Iraq: Political Butterfly Lands the Top Job

Friday, 5 October, 2018 - 08:15
New Iraqi President Barham Salih and Adel Abdul Mahdi the Iraqi Prime Minister-designate. AAWSAT AR
London - Amir Taheri
Defying the doom-mongers who claim that Iraq is paralyzed by its internal divisions, the political establishment in Baghdad has just forged a compromise on both the presidency and the premiership ending weeks of intense political maneuvering.

Although the presidency is a largely ceremonial post under “new” Iraq’s Constitution, it would be wrong to dismiss it as irrelevant. The president symbolizes the unity of the Iraqi peoples and the dignity of their state. He is also charged with the task of naming a prime minister and, at times of political crisis, is looked upon as a conduit for conflict resolution. Beyond that much depends on the personality of the man named president. As president, the late Jalal Talabani was a larger figure than his ceremonial post.

Though the new President Barham Salih lacks Talabani’s stature or outgoing President Fouad Masum’s charm, he shouldn’t be written off as anything but part of the political décor in Baghdad.

However, the key appointment right now is that of Adel Abdul Mahdi as Prime Minister-designate.

The 76-year old politician who has served as Minister of Finance, Minister of Oil and Vice President succeeded in securing the support of almost all rival groups in the Shiite camp, including the bloc led by Moqtada al-Sadr, who preaches Iraqi nationalism, and the bloc led by Hadi al-Ameri, who is close to Tehran. However, he also won support from the bloc led by outgoing Prime Minister Haidar al-Abadi and the faction led by Nouri al-Maliki, Iran’s chief pawn on the Iraqi political chessboard.

Because Abdul Mahdi has recast himself as an independent figure by leaving his old Shiite allies clustered around the Hakim family, he is able to be the first prime minister of “new” Iraq to stand above party politics. That could be both an advantage and a disadvantage. On the one hand, Abdul Mahdi may be able to steer clear of the shenanigans that have marred Iraqi politics since the fall of Saddam Hussein.

On the other hand, however, the rival blocs that have backed his premiership may withdraw their support at any time, leaving him without a majority in the parliament.

Abdul Mahdi could be described as a rare bird in the Iraqi political aviary. He hails from a prominent family of clerics and politicians under the monarchy.

Despite his family’s clerical links, he was sent to the American Jesuit College in Baghdad where Christian dogma and history formed an important part of the curriculum. When the military seized power in Baghdad, Abdul Mahdi was attracted to the opposition Baath Party that preached pan-Arab nationalism with a dose of socialism.

However, Baathism wasn’t to be Abdul Mahdi’s final political home. His next stop was the Communist Party where Abdul Mahdi first came into contact with the concept of political economy and class struggle and dialectical materialism.

Much like a butterfly who can’t dwell on a single flower for long, Abdul Mahdi soon abandoned his Communist abode by joining a Maoist splinter faction. Having spent a spell in prison for his political activities, Abdul Mahdi managed to flee into exile in France where he found another new home in Social democratic groups. Decades of life in France gave Abdul Mahdi an opportunity to directly experience life in a secular democracy while working in various think-tanks and editing magazines in French and Arabic.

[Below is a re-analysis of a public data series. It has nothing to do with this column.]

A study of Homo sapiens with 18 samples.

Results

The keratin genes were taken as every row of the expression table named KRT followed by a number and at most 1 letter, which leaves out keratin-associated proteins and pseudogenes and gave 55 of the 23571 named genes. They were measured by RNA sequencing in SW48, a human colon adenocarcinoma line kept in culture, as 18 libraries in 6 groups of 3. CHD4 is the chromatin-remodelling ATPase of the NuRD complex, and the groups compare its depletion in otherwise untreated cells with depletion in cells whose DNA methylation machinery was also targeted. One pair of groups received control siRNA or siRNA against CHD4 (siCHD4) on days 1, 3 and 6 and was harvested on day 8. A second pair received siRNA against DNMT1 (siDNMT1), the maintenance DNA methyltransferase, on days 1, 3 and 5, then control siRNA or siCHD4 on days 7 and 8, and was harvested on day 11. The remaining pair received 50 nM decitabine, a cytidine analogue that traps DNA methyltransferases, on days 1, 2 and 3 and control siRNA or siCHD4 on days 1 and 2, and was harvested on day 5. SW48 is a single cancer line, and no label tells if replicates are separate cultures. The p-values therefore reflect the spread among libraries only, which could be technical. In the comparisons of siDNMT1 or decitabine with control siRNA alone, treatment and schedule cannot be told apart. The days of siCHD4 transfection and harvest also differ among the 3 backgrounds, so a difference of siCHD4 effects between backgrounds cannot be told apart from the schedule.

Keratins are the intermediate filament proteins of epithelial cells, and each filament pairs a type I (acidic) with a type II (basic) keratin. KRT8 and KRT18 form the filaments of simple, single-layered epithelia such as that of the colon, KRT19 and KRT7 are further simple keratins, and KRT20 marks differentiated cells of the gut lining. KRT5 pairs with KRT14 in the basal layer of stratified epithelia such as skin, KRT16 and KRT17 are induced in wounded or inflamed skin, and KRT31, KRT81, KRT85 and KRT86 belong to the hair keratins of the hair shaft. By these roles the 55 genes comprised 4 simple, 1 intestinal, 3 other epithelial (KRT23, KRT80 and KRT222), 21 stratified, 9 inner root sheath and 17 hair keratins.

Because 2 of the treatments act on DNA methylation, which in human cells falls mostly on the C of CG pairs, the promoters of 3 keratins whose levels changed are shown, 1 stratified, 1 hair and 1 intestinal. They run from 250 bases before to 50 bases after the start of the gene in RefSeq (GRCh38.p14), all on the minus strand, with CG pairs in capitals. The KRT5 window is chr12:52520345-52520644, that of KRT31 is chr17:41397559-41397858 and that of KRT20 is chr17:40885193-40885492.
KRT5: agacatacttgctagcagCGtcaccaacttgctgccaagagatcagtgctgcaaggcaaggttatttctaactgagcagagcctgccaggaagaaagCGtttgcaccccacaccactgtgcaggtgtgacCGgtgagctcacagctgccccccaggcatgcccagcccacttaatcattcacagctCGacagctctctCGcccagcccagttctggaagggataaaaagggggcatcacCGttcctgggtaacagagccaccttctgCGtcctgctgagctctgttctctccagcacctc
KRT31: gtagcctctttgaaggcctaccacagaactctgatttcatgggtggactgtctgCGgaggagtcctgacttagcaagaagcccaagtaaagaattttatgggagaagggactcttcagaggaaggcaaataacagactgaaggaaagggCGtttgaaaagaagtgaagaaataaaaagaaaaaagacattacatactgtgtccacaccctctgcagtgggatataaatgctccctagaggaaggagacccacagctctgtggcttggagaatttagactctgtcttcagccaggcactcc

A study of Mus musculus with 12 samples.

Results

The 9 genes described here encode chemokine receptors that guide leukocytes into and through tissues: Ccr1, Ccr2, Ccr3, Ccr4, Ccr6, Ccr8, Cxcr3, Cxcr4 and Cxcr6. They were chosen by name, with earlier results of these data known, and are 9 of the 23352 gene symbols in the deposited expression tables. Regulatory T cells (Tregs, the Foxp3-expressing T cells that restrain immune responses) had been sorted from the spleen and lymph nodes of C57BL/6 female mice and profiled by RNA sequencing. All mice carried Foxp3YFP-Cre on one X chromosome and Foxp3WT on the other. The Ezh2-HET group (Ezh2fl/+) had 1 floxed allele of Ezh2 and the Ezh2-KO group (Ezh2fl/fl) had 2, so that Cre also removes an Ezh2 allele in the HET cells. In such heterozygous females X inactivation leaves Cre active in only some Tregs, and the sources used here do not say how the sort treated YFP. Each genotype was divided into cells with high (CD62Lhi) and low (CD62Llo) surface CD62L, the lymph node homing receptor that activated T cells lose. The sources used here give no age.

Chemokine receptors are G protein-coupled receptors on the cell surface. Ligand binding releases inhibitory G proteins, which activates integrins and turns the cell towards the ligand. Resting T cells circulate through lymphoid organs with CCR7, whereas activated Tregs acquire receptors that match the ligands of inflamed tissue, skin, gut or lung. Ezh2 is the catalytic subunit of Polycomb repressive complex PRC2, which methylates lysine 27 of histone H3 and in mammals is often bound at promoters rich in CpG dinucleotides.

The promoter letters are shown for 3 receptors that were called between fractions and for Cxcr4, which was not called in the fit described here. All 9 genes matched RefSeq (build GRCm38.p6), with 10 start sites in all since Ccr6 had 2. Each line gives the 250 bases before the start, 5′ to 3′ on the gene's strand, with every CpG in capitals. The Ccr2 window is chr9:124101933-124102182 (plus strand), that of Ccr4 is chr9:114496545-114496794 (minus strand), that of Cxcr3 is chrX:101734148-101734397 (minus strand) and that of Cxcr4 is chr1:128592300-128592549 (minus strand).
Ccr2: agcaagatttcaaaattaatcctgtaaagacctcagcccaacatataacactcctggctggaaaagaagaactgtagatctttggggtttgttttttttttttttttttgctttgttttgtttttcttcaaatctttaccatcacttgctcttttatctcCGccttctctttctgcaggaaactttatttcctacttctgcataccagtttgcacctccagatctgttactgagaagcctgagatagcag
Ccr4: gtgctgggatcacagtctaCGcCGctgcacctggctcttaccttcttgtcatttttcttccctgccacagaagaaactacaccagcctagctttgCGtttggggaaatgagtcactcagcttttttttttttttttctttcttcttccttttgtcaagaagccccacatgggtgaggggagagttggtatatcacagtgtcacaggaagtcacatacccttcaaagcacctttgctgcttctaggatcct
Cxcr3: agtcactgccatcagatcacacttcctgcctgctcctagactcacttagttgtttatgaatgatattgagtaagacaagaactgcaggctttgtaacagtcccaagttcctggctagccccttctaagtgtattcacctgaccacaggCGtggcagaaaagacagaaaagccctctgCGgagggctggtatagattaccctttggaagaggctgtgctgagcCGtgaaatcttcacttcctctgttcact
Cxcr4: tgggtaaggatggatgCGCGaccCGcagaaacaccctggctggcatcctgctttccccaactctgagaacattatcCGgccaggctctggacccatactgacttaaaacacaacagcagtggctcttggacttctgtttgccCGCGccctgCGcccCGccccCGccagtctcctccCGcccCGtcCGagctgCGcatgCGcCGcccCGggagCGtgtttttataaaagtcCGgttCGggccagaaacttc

For all intents and purposes, France became the second home for Abdul Mahdi. It was there that he married and saw the birth of his four children all of whom have French nationality. It was also in France that Abdul Mahdi built a network of friends among fellow academics and economists.

Through all those changes of political allegiance, Abdul Mahdi remained faithful to one single idea: getting rid of the despotic regime in Baghdad that, from 1970 onwards, was to be identified with the person of Saddam Hussein.

Like many other Iraqi exiles, he looked to Iran under the Shah for support.

However, in 1975 Saddam Hussein signed the treaty that the Shah had dictated and the Shah, in return, ceased all support for the dictator’s Kurdish and Shiite opponents. The 1979 regime change in Iran, brought Iraqi exiles a new potential source of support in the newly created "Islamic Republic" in Tehran. Abdul Mahdi found a new political home and, still in exile in France, hobnobbed with exiles who propagated an “Iranian solution” for Iraq. However, he was careful enough to preserve his independent status both as an economist and an Iraqi political activist.

Despite eight years of exceptionally costly war, the Khomeinist republic in Iran was unable to topple Saddam Hussein. That feat had to wait until 2003 when a US-led coalition broke Saddam’s decades-long hold on power in Baghdad.

The “butterfly” had little difficulty in appreciating a new flower in the shape of the multi-party parliamentary democracy that the American “liberators” offered. Armed with his American Jesuit education and his fluency in English, Abdul Mahdi played a key role in shaping the post-liberation Constitution under which he now becomes prime minister. Senior American military commanders and diplomats identified Abdul Mahdi as one of the most reliable Iraqi political figures with whom they could work in pursuit of common interest.

Abdul Mahdi faces several huge challenges. On the domestic front, he has to curb corruption which has gangrened the entire political system. On the foreign policy front, he has to reconcile the contradictory interests and ambitions of a still expansionist Iran and the increasingly self-asserting Trump administration in Washington. The “butterfly” would need all the toughness it can master.